Young Democratic candidates for House of Representatives positions are aiming to bring in more voters among their fellow millennials, as at least 20 millennial Democratic candidates are running in battleground districts, Politico reported.
"I don’t recall a cycle with anything close to this number of young candidates in recent times… notably, younger candidates who actually have a good shot at winning —raising money, running professional campaigns,"said Democratic consultant Ian Russell, Politico reported.
The average age of members of the current 115th Congress is nearly 58 in the House and nearly 62 in the Senate. The youngest member of Congress, Rep. Elise Stefanik, R-N.Y., will turn 34 in July, Politico noted.
"Right now, the instinct is to look for the antithesis of (President) Donald Trump, and so Democratic primary voters are defaulting toward women, younger rather than older. And those young candidates are more difficult targets because they don’t have decades’ worth of opposition research racked up," said Democratic consultant Zac McCrary, the Politico report said.
Mike DeVanney, a Republican consultant, agrees. "With youth, the advantage is not being a part of the traditional political system. All of this points to unease that the current political officeholders are not getting the job done, and voters are looking for someone different who’s not part of the system and can bring new ideas to the table," DeVanney said, Politico reported.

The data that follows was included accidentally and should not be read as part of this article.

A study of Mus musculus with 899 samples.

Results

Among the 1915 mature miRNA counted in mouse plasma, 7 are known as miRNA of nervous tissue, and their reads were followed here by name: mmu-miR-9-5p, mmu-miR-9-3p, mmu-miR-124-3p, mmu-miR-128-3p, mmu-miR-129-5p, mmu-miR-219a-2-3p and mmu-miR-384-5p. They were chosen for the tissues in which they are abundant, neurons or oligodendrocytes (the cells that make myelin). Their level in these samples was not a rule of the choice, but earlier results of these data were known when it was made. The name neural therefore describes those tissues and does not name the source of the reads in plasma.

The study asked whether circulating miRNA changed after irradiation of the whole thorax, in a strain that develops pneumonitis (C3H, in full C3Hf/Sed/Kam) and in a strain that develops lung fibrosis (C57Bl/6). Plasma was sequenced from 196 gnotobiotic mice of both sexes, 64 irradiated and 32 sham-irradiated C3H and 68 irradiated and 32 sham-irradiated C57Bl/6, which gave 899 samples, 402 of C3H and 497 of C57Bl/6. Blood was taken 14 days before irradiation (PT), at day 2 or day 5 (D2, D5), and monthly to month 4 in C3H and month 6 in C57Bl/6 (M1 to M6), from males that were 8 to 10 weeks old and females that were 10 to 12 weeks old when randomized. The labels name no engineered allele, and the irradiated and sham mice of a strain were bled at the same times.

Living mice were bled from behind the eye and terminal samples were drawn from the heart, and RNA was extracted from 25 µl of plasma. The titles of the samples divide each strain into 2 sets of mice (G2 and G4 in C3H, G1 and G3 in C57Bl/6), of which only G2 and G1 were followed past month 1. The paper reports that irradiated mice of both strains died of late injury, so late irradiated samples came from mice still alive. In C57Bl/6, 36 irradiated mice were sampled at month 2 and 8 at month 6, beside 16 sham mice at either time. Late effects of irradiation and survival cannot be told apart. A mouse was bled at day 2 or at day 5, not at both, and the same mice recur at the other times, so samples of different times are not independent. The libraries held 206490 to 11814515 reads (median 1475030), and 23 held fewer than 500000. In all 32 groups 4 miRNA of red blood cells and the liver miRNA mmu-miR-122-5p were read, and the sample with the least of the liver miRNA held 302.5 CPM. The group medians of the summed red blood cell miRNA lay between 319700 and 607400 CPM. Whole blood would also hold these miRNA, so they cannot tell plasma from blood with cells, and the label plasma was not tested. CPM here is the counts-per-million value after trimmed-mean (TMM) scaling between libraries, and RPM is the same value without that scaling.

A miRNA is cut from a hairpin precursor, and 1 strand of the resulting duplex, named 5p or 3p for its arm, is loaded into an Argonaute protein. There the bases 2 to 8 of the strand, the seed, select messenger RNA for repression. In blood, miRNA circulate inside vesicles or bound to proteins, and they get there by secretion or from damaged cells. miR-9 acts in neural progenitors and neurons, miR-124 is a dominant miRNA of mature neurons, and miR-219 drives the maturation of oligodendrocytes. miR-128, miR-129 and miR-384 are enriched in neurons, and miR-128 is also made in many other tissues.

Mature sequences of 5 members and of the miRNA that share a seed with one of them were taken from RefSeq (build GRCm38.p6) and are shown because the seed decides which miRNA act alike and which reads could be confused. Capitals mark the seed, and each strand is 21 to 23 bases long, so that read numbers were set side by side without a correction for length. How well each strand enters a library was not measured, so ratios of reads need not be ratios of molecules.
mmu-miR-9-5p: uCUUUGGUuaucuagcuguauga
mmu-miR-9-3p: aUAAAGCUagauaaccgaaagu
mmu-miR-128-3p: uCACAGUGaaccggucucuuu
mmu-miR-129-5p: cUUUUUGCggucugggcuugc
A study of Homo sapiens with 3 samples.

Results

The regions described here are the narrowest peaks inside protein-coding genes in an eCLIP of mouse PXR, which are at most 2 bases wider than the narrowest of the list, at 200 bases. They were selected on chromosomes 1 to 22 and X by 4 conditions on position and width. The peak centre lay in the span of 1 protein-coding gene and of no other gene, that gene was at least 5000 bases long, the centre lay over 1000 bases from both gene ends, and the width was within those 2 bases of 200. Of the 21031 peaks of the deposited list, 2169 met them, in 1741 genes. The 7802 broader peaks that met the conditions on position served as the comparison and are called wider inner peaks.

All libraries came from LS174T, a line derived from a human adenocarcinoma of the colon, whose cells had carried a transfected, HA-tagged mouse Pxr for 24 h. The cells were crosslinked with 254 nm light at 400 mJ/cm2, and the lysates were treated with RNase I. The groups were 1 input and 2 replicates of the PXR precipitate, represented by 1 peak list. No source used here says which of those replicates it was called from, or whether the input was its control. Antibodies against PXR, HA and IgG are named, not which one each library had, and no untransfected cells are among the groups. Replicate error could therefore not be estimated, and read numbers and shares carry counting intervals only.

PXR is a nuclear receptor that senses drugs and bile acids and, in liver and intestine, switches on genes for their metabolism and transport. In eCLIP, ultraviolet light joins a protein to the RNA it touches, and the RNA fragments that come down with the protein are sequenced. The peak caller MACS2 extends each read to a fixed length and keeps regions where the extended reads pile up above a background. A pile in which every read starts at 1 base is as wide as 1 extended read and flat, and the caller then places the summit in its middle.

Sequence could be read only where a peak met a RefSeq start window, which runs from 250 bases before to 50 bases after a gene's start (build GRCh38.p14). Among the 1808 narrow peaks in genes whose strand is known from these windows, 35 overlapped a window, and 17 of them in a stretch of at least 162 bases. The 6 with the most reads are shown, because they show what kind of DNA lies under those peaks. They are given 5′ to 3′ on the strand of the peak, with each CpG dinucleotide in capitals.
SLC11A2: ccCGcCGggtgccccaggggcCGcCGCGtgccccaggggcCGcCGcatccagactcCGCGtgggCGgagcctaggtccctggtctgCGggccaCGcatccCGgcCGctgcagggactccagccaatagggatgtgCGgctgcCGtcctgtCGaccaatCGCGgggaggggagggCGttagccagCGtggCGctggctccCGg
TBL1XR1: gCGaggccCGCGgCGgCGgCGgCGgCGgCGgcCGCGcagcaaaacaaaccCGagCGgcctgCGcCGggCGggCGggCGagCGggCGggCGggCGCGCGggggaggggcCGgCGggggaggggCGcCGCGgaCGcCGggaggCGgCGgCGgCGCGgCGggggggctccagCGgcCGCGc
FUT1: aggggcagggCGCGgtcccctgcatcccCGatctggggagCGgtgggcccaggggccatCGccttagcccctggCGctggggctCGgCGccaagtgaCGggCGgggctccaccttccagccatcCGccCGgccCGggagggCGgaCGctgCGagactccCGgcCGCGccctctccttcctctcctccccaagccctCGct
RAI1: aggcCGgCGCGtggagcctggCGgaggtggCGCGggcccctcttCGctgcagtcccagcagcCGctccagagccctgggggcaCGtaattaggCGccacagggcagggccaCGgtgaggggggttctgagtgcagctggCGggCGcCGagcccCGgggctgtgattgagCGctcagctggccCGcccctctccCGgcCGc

Years of experience in politics are no longer essential, said congressional candidate Colin Allred, age 35. "There’s much more to getting people inspired and elected than the number of years you’ve been in a certain job,"said Allred, Politico reported.
One roadblock for millennial candidates is social media, said Corry Bliss, executive director of the GOP super PAC Congressional Leadership Fund. "If I was a millennial, I’d delete everything I said and did online… you can be 30 and be a good, qualified candidates — but it just depends on what you did during those 30 years," Bliss said, Politico reported.
Republicans are polling slightly ahead of Democrats in a generic congressional ballot, a Reuters poll reported May 22.